As today’s legal marketplace becomes more competitive and clients themselves become more savvy and demanding, no issue is more at the pinch-point of the lawyer/client relationship than procurement. While procurement is simply the client’s selection process for which firm will be put forward based on the firm’s pitch to the client, for the legal industry, it is the essence of the business.

And few know how vital procurement has become better than Nancey Watson of NL Watson Consulting, a procurement and proposal writing specialist, who has seen how a law firm’s pitch can be the determining factor in whether the firm gets a certain piece of business or not.

“There is definitely a disconnect between law firms and a client’s procurement process,” Watson said. “Procurement specialists at companies recognize this and law firms recognize it. And I want to open a dialogue between the two.”

Part of that dialog occurs at regular seminars Watson organizes. Her next one, entitled “How Procurement Impacts Law Firm Selection”, will be held on Feb. 8 in Houston. Speakers include Vincent J. Cordo, Global Sourcing Officer at Shell Global; Marco Perez, Senior Director and Head of Procurement USA & Legal Global Category for the Royal Bank of Canada; and Toby Brown, Chief Practice Officer at Akin Gump Strauss Hauer & Feld.

Part of the seminar is going to cover exactly how law firm proposals are evaluated by a client’s procurement people, Watson explained. “We want to discuss what does a company’s procurement professionals do with a proposal once they get it at their end. How do they analyze it? What are they looking for? What do they want — and don’t want — to see? And how do they transmit the results to the general counsel?”

“There is definitely a disconnect between law firms and a client’s procurement process. Procurement specialists at companies recognize this and law firms recognize it.” 

                     — Nancey Watson, NL Watson Consulting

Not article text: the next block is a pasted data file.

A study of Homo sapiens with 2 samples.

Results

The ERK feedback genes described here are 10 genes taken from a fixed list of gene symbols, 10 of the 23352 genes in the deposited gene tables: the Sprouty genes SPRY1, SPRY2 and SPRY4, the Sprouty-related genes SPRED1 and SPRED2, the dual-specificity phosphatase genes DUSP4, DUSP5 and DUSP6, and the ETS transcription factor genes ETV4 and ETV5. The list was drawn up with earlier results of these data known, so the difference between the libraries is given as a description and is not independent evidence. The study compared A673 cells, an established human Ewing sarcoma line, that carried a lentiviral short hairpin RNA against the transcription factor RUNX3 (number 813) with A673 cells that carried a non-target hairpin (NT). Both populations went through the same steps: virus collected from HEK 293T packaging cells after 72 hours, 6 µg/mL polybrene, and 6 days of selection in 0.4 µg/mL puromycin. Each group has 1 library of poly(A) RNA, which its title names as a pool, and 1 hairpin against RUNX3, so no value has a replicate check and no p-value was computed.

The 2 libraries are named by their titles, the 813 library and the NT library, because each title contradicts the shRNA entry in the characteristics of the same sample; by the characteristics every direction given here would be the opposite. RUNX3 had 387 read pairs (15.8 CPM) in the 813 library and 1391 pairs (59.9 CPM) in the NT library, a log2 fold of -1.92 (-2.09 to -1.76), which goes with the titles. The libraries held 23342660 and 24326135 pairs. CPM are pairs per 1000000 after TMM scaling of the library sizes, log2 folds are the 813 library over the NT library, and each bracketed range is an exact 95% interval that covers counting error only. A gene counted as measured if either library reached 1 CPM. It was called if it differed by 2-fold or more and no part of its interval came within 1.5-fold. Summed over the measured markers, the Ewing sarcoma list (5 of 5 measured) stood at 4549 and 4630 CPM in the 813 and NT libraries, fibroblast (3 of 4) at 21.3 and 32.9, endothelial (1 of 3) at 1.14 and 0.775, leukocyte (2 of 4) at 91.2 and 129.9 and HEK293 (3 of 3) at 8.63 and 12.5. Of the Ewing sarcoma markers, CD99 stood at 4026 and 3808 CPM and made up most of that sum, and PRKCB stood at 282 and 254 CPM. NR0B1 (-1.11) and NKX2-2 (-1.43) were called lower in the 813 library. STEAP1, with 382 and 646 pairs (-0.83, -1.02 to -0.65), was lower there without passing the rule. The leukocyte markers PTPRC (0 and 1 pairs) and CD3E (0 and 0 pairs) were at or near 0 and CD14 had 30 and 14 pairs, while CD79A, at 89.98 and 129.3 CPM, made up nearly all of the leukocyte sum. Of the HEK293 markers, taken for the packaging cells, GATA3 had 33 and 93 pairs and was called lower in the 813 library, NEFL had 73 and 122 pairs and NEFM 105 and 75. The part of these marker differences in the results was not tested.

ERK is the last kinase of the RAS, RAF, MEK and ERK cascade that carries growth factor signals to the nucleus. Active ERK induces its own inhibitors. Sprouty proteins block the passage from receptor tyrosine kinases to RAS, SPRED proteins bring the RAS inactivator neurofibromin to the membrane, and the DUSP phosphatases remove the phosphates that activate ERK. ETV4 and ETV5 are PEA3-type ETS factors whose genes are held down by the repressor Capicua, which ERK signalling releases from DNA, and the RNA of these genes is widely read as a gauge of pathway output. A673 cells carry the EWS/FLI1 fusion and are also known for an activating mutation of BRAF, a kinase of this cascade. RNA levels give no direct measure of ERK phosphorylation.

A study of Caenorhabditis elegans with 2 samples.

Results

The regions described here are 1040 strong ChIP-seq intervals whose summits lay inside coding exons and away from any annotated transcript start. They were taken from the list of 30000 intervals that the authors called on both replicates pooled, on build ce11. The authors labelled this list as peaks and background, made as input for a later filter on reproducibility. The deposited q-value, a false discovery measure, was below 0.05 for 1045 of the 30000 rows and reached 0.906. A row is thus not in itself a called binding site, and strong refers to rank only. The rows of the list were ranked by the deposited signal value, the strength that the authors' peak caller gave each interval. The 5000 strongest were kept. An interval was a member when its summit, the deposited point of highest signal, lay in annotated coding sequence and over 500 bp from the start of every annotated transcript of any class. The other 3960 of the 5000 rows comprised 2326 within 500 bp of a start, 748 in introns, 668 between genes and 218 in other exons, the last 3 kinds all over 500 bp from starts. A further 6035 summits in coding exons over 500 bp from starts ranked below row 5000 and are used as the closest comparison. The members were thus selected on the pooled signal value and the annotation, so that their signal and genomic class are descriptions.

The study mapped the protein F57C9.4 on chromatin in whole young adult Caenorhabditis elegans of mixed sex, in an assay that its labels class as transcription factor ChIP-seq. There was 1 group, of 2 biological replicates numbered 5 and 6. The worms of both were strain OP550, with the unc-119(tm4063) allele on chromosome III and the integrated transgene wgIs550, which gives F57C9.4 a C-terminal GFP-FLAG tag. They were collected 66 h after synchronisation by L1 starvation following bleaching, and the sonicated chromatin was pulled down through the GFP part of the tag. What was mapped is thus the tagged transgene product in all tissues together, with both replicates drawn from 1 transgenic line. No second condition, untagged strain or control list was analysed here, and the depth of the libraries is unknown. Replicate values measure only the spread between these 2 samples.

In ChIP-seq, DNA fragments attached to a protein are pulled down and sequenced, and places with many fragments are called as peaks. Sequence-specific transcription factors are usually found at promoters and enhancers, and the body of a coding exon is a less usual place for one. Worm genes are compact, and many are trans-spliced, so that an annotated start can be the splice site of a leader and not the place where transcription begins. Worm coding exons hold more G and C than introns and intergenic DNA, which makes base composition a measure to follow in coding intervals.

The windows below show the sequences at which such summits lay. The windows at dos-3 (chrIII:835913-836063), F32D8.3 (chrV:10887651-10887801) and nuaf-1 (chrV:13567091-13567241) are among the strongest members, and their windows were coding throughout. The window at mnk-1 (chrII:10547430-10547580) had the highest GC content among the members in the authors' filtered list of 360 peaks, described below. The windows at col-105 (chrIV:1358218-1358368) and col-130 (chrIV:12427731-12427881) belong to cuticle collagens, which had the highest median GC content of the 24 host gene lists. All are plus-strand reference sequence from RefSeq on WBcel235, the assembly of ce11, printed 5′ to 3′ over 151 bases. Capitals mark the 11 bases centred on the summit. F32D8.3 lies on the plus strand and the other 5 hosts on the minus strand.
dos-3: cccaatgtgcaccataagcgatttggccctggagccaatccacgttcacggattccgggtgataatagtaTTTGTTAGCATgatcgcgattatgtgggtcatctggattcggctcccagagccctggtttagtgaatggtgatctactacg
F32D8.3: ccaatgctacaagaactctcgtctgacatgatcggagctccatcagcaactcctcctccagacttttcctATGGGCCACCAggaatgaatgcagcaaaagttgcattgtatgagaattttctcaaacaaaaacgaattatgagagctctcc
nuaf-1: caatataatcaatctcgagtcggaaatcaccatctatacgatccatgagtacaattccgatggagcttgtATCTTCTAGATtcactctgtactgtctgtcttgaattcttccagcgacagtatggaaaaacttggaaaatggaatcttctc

All important — and somewhat daunting — questions to be sure, but Watson explains it’s crucial for law firms to understand the other end of this process. “I want the law firm to know that procurement is not the enemy,” she said. “A client’s procurement people have a job to do, but their job is not just to cut prices — it’s to find the best law firm at the best price.”

Nuts & Bolts of Procurement

The panel is also going to analyze the nuts and bolts of the procurement process, including how companies craft their request for proposals (RFPs); the different types of pricing structures and alternative fee arrangements; and how to survive the dreaded reverse auction. “They are brutal, I don’t care what anybody says,” Watson noted.

Another facet of the process to be discussed — and one that many lawyers may not be aware of — is performance tracking done by the client. Companies will measure whether a law firm had delivered on time and on budget in the past, where the pricing came in, what the end result of the matter was, and other factors all of which get put into a performance metric that’s used by the client for evaluating the firm. “I think this is news to a lot of lawyers,” Watson said.

“I think a lot of law firms are surprised that procurement doesn’t only put their recommendations forward as to which law firm to choose, but they also monitor the service they are getting from the law firm, right down to the lawyer.”

With procurement’s growing importance in the relationship balance between law firm and client, the more the lawyer side understands of what goes into a client’s procurement decision-making process, the better for both sides.